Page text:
The shell of what was once a grocery store opens Monday to feed some new customers — 481 students and their parents as Willow Charter Academy.

“The Albertson’s is gone,” quipped Willow Principal Melissa Jones Clarke on a recent tour of the school. Overhead, natural light poured through skylights hoisted above the school’s main corridors. Brightly colored hallways and classrooms now fill the building, which features a nearly 4,200-square-foot gym that doubles as a school auditorium and cafeteria. The school also has a dedicated parent room — for parents to meet and check out resources to help their children with homework. The school has separate playground areas for the younger and older students in a courtyard area adjacent to its neighbor — the Northgate Mall.

Clarke said the school met its target of 480 students — plus one — in kindergarten through fifth grade and has a waiting list at each grade level. Next year, it will add sixth grade and continue to add grade levels each year to become a K-8 school. Classrooms for the younger students are connected by Jack-and-Jill bathrooms as a convenience. As the school grows, the older students will move to their own wing in a building that’s already prepped with lockers and an environment separate from the younger students.

“This is a new environment and a whole new curriculum that I’m eager to work with. There’s a good structure here,” said Kimberly Cahee, a second-grade teacher. Cahee previously taught at a private school.

Cahee and third-grade teacher Amber Fontenot both opted to enroll their children at the school. Cahee’s son, Isaiah, 7, previously attended public school and Fontenot’s daughter, Ava, 9, previously attended a local Catholic school.

“There’s a lot of excitement about the school, and parents have been impressed by the materials,” Fontenot said. “I’m excited to see how these new programs help our students succeed.”

The opening of Willow and two other charter schools on Monday marks a first for Lafayette Parish — the advent of schools overseen by for-profit, charter school management companies. Charter schools are public schools and may be managed by nonprofit or for-profit groups. Like traditional public schools, the charter schools receive state funding to cover their operations. In the case of Willow, that funding coupled with federal grants wasn’t enough to get it started in its first year. Its management company, National Heritage Academies, contributed $862,340 to help balance its first-year budget of $6.1 million.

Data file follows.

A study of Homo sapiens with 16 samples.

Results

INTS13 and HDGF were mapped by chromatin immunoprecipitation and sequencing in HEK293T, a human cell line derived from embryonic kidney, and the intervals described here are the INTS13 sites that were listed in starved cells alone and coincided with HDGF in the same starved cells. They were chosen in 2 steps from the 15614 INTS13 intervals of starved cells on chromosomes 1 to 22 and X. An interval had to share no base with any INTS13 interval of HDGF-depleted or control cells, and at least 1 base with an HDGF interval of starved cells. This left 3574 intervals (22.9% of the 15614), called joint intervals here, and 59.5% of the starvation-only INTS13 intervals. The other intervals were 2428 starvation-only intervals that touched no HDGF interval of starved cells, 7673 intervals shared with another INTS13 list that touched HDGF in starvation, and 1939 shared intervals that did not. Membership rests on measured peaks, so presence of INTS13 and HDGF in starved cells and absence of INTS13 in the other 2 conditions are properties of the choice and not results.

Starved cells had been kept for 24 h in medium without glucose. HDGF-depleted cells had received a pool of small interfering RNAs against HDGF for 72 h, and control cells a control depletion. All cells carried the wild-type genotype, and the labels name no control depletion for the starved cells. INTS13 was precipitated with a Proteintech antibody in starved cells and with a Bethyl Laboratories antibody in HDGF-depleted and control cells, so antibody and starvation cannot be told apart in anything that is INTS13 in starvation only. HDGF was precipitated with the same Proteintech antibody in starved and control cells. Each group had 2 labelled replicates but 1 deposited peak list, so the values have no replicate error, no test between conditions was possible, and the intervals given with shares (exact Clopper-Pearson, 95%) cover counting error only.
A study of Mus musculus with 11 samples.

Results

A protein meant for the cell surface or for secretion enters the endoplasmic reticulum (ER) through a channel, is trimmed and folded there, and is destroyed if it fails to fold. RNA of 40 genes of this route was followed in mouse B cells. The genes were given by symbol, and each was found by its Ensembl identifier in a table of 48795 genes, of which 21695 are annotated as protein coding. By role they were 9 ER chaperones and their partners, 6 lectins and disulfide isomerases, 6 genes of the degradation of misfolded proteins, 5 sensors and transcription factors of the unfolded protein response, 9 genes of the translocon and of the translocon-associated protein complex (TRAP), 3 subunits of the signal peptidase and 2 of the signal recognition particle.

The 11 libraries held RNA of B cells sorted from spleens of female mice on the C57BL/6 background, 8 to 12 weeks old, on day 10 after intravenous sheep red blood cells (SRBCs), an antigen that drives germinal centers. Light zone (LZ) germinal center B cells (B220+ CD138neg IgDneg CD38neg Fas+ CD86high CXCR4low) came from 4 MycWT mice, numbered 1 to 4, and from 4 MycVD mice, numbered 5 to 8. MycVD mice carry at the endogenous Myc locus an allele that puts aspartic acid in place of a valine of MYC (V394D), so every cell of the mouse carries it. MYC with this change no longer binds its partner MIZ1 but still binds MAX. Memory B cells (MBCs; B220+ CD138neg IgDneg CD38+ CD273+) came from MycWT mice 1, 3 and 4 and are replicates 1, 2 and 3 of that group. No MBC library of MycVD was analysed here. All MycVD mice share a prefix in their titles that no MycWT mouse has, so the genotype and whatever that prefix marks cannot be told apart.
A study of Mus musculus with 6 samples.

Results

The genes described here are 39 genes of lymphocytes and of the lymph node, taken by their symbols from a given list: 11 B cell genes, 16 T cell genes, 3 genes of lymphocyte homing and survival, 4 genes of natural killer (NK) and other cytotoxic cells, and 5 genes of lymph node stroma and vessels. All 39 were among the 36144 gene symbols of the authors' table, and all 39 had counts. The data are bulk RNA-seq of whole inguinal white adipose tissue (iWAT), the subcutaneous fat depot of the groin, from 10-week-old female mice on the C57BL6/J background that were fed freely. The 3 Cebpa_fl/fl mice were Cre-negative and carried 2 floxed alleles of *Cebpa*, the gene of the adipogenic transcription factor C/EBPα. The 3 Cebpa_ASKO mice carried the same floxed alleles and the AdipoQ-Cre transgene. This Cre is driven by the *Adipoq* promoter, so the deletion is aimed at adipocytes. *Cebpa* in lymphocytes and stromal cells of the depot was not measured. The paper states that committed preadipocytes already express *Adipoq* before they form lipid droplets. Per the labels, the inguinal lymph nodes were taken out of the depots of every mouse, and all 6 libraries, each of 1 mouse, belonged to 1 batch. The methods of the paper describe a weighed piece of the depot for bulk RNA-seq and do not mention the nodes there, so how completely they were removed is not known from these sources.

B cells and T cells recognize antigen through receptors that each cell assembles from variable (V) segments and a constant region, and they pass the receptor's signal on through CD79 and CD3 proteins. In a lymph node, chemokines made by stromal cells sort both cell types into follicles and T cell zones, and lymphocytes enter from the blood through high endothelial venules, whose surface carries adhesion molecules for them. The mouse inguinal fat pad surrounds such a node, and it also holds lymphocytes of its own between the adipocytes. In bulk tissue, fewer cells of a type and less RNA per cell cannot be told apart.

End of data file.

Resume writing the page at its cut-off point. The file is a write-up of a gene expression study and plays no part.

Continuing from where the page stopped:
The school is managed by NHA in partnership with a regional school board, Louisiana Achievement Charter Academies, which includes two Lafayette members. The board also oversees Advantage Charter Academy in Baker.

“The services agreement between NHA and the school calls for all of the revenue the school receives to go to NHA,” said Jennifer Hoff, NHA senior communications manager. “For this fee, NHA will pay for and provide the full educational program for the school, including hiring staff, building and maintaining a building, and purchasing supplies and materials.”

The company makes a profit on operations only if there’s money left over. For this first year, operations were at a deficit that NHA eats.

Hoff said it’s not unusual for NHA to make a contribution to help one of its schools in its first year.

“NHA will continue to make this type of a contribution until there is enough revenue to cover the full cost of our model,” Hoff explained.

The school’s budget includes $4.5 million in state funds and $465,485 in federal grants. More than $260,000 is anticipated in private sources — a large chunk of that, $250,000, is from a Walton Family Foundation grant the school expects to receive, Hoff said. The remaining $10,000 is anticipated in meal payments from parents for school lunches, she said.

As part of the NHA management model, the school isn’t owned by the local school board. The board leases the building for $978,560 annually from an NHA affiliate, Charter Development Company. About $146,000 is paid to NHA’s real estate department to cover the overhead costs for the acquisition of the property, Hoff said.

About half of the school’s budget is paying for instructional-related expenses, such as salaries and benefits of teachers and other staff who work with students, teaching supplies, software, equipment and related instructional materials.

The school’s board receives about $35,000 that it may allocate for school or board needs, Hoff said.

“The LACA Board is already planning to use these funds for professional development opportunities, including a session with the Louisiana Association of Public Charter Schools, to develop their governance and to hold NHA accountable,” Hoff said. “Additionally, the board will likely invest in other opportunities for students, such as after-school programming, based on student need and community desires.”